Per Seoul Shinmun and Hankook Ilbo, police claim that some 52,000 customers may have been affected. They have been investigating the platform for several months, after a group of investors claimed they had not been able to withdraw funds from the exchange.

Assets worth some USD 214m were frozen back in May.


Police have obtained arrest warrants for four individuals, three of whom are reportedly senior-level executives. A court that granted the arrest warrants agreed with police that there was a danger that the individuals could otherwise flee with investor assets – perhaps feeling the kind of “exit scam” that appears to have blighted South African investors in the Africrypt platform, as its masterminds, two brothers aged 21 and 20, have allegedly fled overseas with some USD 3.6bn worth of customer coins.

Meanwhile, in South Korea, over 70 others have been cautioned as the police continue their investigations into V Global.


The exchange is thought to be the brainchild of a 31-year-old surnamed Lee. Media outlets in South Korea have reported that Lee was investigated for using suspected and illegal multi-level marketing (MLM) methods while at another, now-defunct exchange.

Police say that Lee had been living “a life of luxury,” and that the V Global hierarchy consisted of eight levels, with 82% of “members” at the lowest ring. Members were told they would receive bonuses for recruiting more people, and were given assurances that their stakes of around USD 5,300 would draw massive returns of triple their original investments.


Lawyers representing a group of customers claim that up to 70,000 people may have been affected.



Robinhood brokerage app has welcomed Benjamin Melnicki as a new Chief Compliance Officer, who is also the holder of the same position at Grayscale Investments. He joined Grayscale in early January this year.

At the moment, Robinhood’s cryptocurrency arm is facing scrutiny from financial regulators. Last year, Robinhood was a target of an investigation connected to anti money laundering and certain cybersecurity problems experiences by its crypto division.



Average Aussie crypto portfolio grew 258% in FY 20-21, survey reveals


Data on the survey shows that the average portfolio size of female and male investors in fiscal 20-21 on BTC Markets was $1,924.30 (2,650 AUD) and $2,214.03 (3,049 AUD), respectively. However, in 2020, the average portfolio size of female Aussie investors exceeded male investors slightly.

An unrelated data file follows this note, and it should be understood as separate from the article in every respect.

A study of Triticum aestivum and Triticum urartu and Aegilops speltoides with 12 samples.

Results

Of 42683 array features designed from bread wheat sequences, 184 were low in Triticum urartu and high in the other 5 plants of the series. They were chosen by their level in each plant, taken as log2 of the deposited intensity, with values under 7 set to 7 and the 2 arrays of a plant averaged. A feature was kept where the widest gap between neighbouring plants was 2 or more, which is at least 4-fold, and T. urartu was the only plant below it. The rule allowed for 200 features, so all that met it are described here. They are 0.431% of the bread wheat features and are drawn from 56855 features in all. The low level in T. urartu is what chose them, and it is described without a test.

Transaction data on the exchange also showed a pattern of growing investment demand with aging. Considering the data provided by BTC Market on Australia’s average initial investment, investors above 65 years old have invested roughly $3,158.03, the highest ofall demographics.


Resonating the findings above, a September report from financial comparison website Finder shows that one in six Australians own cryptocurrencies, amounting to $8 billion in total investment. The report suggests that, like many other users in advanced industrialized countries, Australians were increasingly viewing cryptocurrencies as a new asset class. 

According to Cointelegraph’s report on the matter, Bitcoin (BTC) is the most popular cryptocurrency for the Australian crypto market held by 9% of investors. Other popular investments include Ether (ETH), Dogecoin (DOGE) and Bitcoin Cash (BCH). The report showed that, despite the growth in crypto investments, a significant barrier to entry for Australians is the difficulty in understanding crypto and the risks related to volatility.



The Swiss Financial Market Supervisory Authority – FINMA – would reportedly require local digital asset providers to take additional steps in preventing criminals from employing cryptocurrencies. The watchdog would also turn its sight towards bitcoin ATMs as it believes that drug dealers often use these machines.

FINMA Targets Criminals Operating with Crypto

According to a Finews report, Switzerland’s financial regulator – the Swiss Financial Market Supervisory Authority or simply FINMA – would closely supervise local crypto providers as an attempt to clamp down on money-laundering transactions.


FINMA also turned its attention towards bitcoin automated teller machines. According to the regulator, drug dealers frequently use such ATMs as payment systems. It is worth noting that Switzerland is a relatively small nation, but its 130 Bitcoin automated teller machines place it in the sixth position among the countries with the most stations.

FINMA also passed an anti-money laundering provision according to which it lowered the threshold for unidentified crypto purchases from 5,000 Swiss Francs (CHF) to 1,000 CHF (around $1,080). Or, in other words, all financial providers dealing with digital assets have to collect data on anyone initiating transactions that exceed this amount.


One of the leading banks in Switzerland – UBS – recently shared its views on the hot topic of digital asset regulations as it indicated that implementing certain rules might negatively impact the market.

Furthermore, the bank warned its customers that regulatory crackdowns can pop the “bubble-like” crypto markets. The Swiss bank also labeled the asset class as “speculative” alerting that it could be dangerous for professional investors:

“While we can’t rule out future price gains in cryptos, we see this as a speculative market that poses significant risks to professional investors.”

On another note, though, when the cryptocurrency market was booming at the beginning of May, UBS demonstrated a different attitude. Back then, it intended to enable its wealthy customers to receive digital asset exposure later in 2021 through third-party vehicles.